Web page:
Feeding CrossFitters One Truck Stop at a Time


http://games.crossfit.com/article/feeding-crossfitters-one-truck-stop-time

Food trucks are a way of life for many Miami residents. Serving everything from tacos to barbecue, the easy-access, mobile fast food is ubiquitous in the city.

Breaking from the mold of traditional food trucks, Miami-based CrossFitter Miguel Kristaly founded the Health Nut on Wheels food truck. In 2010, Kristaly, 40, started getting into CrossFit and also enjoyed competing in endurance races.

“At the race and competition venues, though, I noticed there was nothing really healthy to eat,” he says. “Many of the races were catered by local restaurants like Pollo Tropical. But, eating rice (and) beans with chicken pumped full of nitrates and antibiotics did not sound like a pleasant, post-competition meal. And forget about the athletes. I thought, ‘What about the spectators, fans, family and volunteers?’ These were athletic events, there should be healthy food and there was not. Then …  an idea!”

A local contractor at the time, Kristaly says his business was suffering due to the downturn in the real-estate industry, and he felt like it was a perfect time to begin a new business.

CrossFit athletes and spectators at a local competition in Miami were the first taste testers.

“Not knowing what the heck we were doing, the Health Nut was asked to cater the food for Summercrush, and the rest is history,” Kristlay says. “My calculations and expectations for the amount of food we needed to feed the people who wanted to try it were blown away and I knew I had hit a nerve within the CrossFit community.”

After the competition, Kristaly decided he needed a food truck to take his show on the road. He found a 2001 Chevy P42 through a food-truck company in Miami, investing $85,000 in the restaurant on wheels. Since, Health Nut has been part of countless events in town, including CrossFit Seminars, affiliate grand-openings, box throwdowns, fundraisers, Iron Man and Spartan races. He also services parking lots and businesses for the daily lunch rush.

“Since CrossFit is so popular in Miami, it’s almost as if the CrossFit community had been waiting for this. And another neat part about having the truck is having the unique opportunity to introduce clean eating and CrossFit to the general community at large,” Kristaly says. “I love it when people say, ‘Yeah, but veggies really taste terrible,’ and then I tell them to give it a try.”

Kristaly prepares fresh veggies — asparagus, mushrooms, zucchini, squash and a rainbow of bell peppers — with coconut oil, a dash of sea salt, crushed black pepper and fresh parsley. He also prepares a side salad of lettuce, kale or spinach, with tomato and avocado, plus choice of protein: grass-fed sirloin patty, pastured, homemade turkey burger, wild salmon, grass-fed bison sliders or pastured chicken breast. He calls it the “Paleo Dish.”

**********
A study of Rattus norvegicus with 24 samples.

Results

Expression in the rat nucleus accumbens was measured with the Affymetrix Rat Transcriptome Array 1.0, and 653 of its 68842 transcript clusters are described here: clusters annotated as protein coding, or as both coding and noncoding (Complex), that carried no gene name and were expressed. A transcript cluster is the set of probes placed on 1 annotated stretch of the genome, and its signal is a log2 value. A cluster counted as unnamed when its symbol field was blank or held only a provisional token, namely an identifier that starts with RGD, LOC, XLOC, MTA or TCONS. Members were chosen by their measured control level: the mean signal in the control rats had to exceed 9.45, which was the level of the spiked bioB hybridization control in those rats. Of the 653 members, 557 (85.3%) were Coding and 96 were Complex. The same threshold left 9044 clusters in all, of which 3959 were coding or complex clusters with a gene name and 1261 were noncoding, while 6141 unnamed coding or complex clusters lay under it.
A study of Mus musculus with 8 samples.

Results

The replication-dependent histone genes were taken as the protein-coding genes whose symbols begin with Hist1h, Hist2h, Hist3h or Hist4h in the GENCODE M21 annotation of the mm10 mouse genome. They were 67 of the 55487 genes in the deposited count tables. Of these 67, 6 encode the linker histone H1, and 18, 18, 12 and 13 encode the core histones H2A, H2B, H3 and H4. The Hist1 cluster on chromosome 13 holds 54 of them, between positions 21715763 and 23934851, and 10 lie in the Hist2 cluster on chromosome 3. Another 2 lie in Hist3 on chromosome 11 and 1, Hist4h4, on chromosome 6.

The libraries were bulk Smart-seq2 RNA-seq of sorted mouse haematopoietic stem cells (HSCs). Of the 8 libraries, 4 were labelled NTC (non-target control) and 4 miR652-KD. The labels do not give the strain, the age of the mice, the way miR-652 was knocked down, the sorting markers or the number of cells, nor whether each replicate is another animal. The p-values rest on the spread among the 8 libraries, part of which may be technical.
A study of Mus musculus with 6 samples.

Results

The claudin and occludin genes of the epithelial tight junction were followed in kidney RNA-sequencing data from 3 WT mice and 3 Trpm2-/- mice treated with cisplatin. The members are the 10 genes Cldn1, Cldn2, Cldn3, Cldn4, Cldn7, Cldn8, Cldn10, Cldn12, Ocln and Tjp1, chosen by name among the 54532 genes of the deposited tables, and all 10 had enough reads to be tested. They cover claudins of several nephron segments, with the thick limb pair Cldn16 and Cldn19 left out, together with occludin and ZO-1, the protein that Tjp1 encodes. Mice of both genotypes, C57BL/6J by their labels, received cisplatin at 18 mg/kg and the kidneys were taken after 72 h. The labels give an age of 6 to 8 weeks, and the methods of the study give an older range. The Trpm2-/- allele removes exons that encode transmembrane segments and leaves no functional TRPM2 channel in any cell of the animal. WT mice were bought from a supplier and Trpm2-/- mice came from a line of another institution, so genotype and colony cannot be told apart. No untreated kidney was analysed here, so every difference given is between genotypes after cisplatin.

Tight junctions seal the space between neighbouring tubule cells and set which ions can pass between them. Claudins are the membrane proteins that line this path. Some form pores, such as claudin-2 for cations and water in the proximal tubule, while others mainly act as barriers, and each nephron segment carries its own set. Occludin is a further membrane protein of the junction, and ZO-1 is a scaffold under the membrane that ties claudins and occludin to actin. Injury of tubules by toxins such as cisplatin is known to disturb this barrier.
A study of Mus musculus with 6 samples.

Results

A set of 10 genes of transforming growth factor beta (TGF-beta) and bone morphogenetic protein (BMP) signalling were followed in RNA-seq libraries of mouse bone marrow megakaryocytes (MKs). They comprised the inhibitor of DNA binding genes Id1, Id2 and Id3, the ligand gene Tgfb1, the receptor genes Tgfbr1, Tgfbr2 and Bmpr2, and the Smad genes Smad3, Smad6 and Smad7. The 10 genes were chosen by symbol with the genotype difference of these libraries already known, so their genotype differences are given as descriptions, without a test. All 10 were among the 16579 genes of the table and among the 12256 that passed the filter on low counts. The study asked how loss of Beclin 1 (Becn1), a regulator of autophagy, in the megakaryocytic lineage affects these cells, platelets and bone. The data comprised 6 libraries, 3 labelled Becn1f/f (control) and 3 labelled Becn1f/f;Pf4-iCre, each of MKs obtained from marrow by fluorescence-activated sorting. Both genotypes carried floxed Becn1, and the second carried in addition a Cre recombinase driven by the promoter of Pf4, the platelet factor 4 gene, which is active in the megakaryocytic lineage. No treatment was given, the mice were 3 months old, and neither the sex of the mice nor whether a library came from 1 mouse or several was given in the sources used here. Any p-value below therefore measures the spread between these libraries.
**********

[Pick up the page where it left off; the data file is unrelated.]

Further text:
“Before discovering the Health Nut, I ate a ton of pizza and fried foods, sugary things and nearly no veggies. Pretty horrid,” local CrossFitter, Nelson Dellis, says. “Now, I have lunch delivered to me daily from the Health Nut … My favorite dish is the stuffed red pepper with picadillo and veggies.”

“The bottom line: Healthy food can be delicious. Too many people feel that eating healthy means egg whites, boiled chicken breast with no seasoning, rice cakes and brown rice,” Kristaly says.

Other popular menu items include homemade sweet potato fries and fresh fruit smoothies.

On top of driving to various locations throughout Miami nearly every day, Kristaly also launched a catering service last August, designed especially for local CrossFit boxes.

“We’re cooking up to 70 meals a day and delivering to about eight CrossFit boxes throughout South Florida, as well as places of business and residences,” he says. “The catering is really beginning to take off.”

Kristaly starts prepping at 6:30 a.m., Monday through Friday, to cook meals with his team of chefs and caterers. By 10 a.m., he is out the door to deliver the meals to local boxes and other customers. The afternoons and evenings consist of paperwork, food orders and housekeeping for the business, before picking up his two boys from school and hitting his own box, I Am CrossFit, at 4 p.m.

And the fun doesn’t stop on the weekends. Saturdays and Sundays are usually jam packed with taking his food truck around town to various events and venues to give Miamians a taste of health.

“My CrossFit time keeps me grounded and sane in a crazy, busy world. It’s like releasing the pressures of life every day during my WOD. When I (workout), I can’t think of anything other than breathing and completing my next rep,” Kristaly says.

“I’m just so grateful I have been able to provide delicious food to an incredible community of amazing athletes and people in general. I truly enjoy sharing my passion every day with everyone and look forward to continuing to affect people’s lives in a positive way through nutrition. To top it off, the Health Nut may open an actual restaurant place in 2013. That’s right, a small place of its own where anyone can go every day to eat their favorite food,” he adds.

Until then, he’ll be trucking along.